Keep Commitment to Hold Military Accountable for 2010 Violence
Abuses by soldiers took place in full view of the Thai public and the world’s media, yet the Thai army chief is now trying to intimidate investigators and critics into silence. The government should prosecute all those responsible for crimes during the 2010 violence, including members of the military, who should not be above the law.
(New York) – The Thai government should order the army commander-in-chief to cease interfering in the criminal investigations of the 2010 political violence. The army chief, Gen. Prayuth Chan-ocha, should also stop trying to intimidate critics by filing criminal defamation cases.
On August 16, 2012, Prayuth told the Justice Ministry’s Department of Special Investigation to stop accusing soldiers of killing demonstrators during the government’s crackdown on the “Red Shirt” protest in 2010 and not to report publicly on the progress of its investigations. Prayuth has denied any army abuses during the violence in which at least 98 people died and more than 2,000 were injured, despite numerous accounts by witnesses and other evidence.
Prayuth is also using Thailand’s archaic criminal defamation law to deter public criticism, Human Rights Watch said. On August 17, Prayuth ordered an army legal officer to file a criminal defamation complaint against Robert Amsterdam, a lawyer representing the United Front for Democracy against Dictatorship (UDD) and exiled former Prime Minister Thaksin Shinawatra, and Amsterdam’s translator. At a UDD rally on May 19, Amsterdam gave a speech in which he alleged that the army committed brutality against demonstrators for which it should be held accountable.
“Abuses by soldiers took place in full view of the Thai public and the world’s media, yet the Thai army chief is now trying to intimidate investigators and critics into silence,” said Brad Adams, Asia director. “The government should prosecute all those responsible for crimes during the 2010 violence, including members of the military, who should not be above the law.”
Not one soldier or official has been held accountable for the 2010 violence as criminal investigations have progressed very slowly. Of the 98 known deaths, the Department of Special Investigations and the police have sent 19 cases – believed mostly to be deaths caused by soldiers – to the prosecutor for post-mortem inquests. On August 14, the special investigations department deputy chief, Prawet Moolpramuk, said in a media interview that the agency was planning to question soldiers seen in video footage that also showed military snipers in action near Bangkok’s Lumphini Boxing Stadium.
In response, Prayuth said that soldiers did not kill anyone during the confrontations. He also asserted that soldiers seen in photographs and video armed with telescopic rifles were not “snipers,” but were only using their weapons for self-defense. However, a document signed by then-deputy Prime Minister Suthep Thaugsuban on April 18, 2010, which Human Rights Watch has seen, authorized the deployment of sharpshooters and snipers to more broadly “protect security forces and the public.”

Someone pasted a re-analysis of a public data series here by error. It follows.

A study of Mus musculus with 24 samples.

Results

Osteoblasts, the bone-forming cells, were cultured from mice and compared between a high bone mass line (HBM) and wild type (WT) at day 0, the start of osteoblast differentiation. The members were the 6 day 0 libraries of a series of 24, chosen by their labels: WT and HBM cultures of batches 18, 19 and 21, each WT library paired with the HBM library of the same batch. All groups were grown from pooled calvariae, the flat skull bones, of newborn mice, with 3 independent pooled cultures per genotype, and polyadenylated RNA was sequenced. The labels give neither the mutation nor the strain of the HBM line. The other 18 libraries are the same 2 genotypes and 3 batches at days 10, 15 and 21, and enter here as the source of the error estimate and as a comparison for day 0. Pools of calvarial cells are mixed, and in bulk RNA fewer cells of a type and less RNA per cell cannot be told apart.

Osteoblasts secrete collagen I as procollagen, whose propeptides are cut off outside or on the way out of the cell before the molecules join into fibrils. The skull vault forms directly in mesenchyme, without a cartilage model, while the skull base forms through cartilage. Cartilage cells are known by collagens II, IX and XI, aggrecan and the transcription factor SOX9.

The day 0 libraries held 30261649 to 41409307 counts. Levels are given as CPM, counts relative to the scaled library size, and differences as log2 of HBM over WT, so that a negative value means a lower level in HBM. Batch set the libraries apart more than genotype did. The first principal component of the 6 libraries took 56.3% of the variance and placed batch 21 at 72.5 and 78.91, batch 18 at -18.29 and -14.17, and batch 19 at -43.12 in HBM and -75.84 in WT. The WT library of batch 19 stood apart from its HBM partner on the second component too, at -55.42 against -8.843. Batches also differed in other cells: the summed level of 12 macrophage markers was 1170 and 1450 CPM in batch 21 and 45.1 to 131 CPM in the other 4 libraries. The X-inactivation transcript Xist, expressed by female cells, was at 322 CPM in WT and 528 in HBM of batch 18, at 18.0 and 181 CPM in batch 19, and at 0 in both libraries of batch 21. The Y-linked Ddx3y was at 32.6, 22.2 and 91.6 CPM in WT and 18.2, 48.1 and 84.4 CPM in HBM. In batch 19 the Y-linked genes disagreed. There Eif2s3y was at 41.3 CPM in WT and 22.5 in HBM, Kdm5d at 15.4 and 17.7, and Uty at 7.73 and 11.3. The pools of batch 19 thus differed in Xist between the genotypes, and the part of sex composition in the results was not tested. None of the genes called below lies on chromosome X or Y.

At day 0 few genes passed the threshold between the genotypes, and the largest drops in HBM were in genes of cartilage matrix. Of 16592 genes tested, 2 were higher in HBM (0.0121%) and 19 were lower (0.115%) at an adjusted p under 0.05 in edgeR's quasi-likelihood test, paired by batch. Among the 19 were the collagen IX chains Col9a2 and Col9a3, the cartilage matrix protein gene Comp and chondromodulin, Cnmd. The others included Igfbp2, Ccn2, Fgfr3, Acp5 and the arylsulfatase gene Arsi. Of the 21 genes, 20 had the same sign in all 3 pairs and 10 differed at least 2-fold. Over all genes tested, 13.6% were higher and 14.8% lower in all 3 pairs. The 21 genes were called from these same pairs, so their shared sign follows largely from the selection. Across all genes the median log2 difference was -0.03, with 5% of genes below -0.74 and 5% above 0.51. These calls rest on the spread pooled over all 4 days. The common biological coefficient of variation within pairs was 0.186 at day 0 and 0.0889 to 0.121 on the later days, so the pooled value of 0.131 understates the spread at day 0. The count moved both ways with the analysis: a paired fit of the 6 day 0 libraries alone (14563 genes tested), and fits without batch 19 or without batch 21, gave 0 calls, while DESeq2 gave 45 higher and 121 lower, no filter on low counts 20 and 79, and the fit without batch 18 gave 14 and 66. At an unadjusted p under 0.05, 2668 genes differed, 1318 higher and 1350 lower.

“It is ludicrous for the army chief to claim that the army did not deploy snipers who fired on civilians,” said Adams. “Instead of going after critics, he should be ensuring accountability within his ranks.”
Human Rights Watch expressed concern that the government of Prime Minister Yingluck Shinawatra appears to have sided with the military over its Justice Ministry. Rather than order Prayuth to end his interference in the criminal investigations, Deputy Prime Minister Chalerm Yubamrung said on August 16 that he had ordered the Special Investigations Department chief, Tarit Pengdith, to apologize to Prayuth and to stop talking publicly about its ongoing investigations. Chalerm also announced that soldiers would be treated as witnesses in the investigations and that they would be fully protected from criminal prosecution.
Families of UDD members killed during the violence told Human Rights Watch that they had little hope for obtaining justice for their loss. To receive financial reparations from the government, the families had to sign a settlement forfeiting their rights to file a court case against the army for civil damage.
“Prime Minister Yingluck came to power promising justice to the victims of political violence,” Adams said. “By siding with the army chief in his attempts to shut down investigations into army abuses, she is breaking her promise to the victims and the Thai people.”
From March to May 2010, the UDD, known as the “Red Shirts,” held mass protests against the government of then-Prime Minister Abhisit Vejjajiva. A Human Rights Watch report in May 2011, “Descent into Chaos: Thailand’s 2010 Red Shirt Protests and the Government Crackdown,” concluded that the high death toll and injuries resulted from excessive and unnecessary lethal force by the Thai army and other security forces. The high number of civilian casualties – including unarmed demonstrators, volunteer medics, reporters, photographers, and bystanders – resulted in part from the government’s designation of “live fire zones” around the UDD protest sites in Bangkok.
Armed elements of the UDD, including heavily armed “Black Shirt” militants, were responsible for deadly attacks on soldiers, police, and civilians. Some UDD leaders incited violence with inflammatory speeches to demonstrators, including urging their supporters to carry out riots, arson attacks, and looting. Arson attacks in and outside Bangkok caused billions of dollars in damage.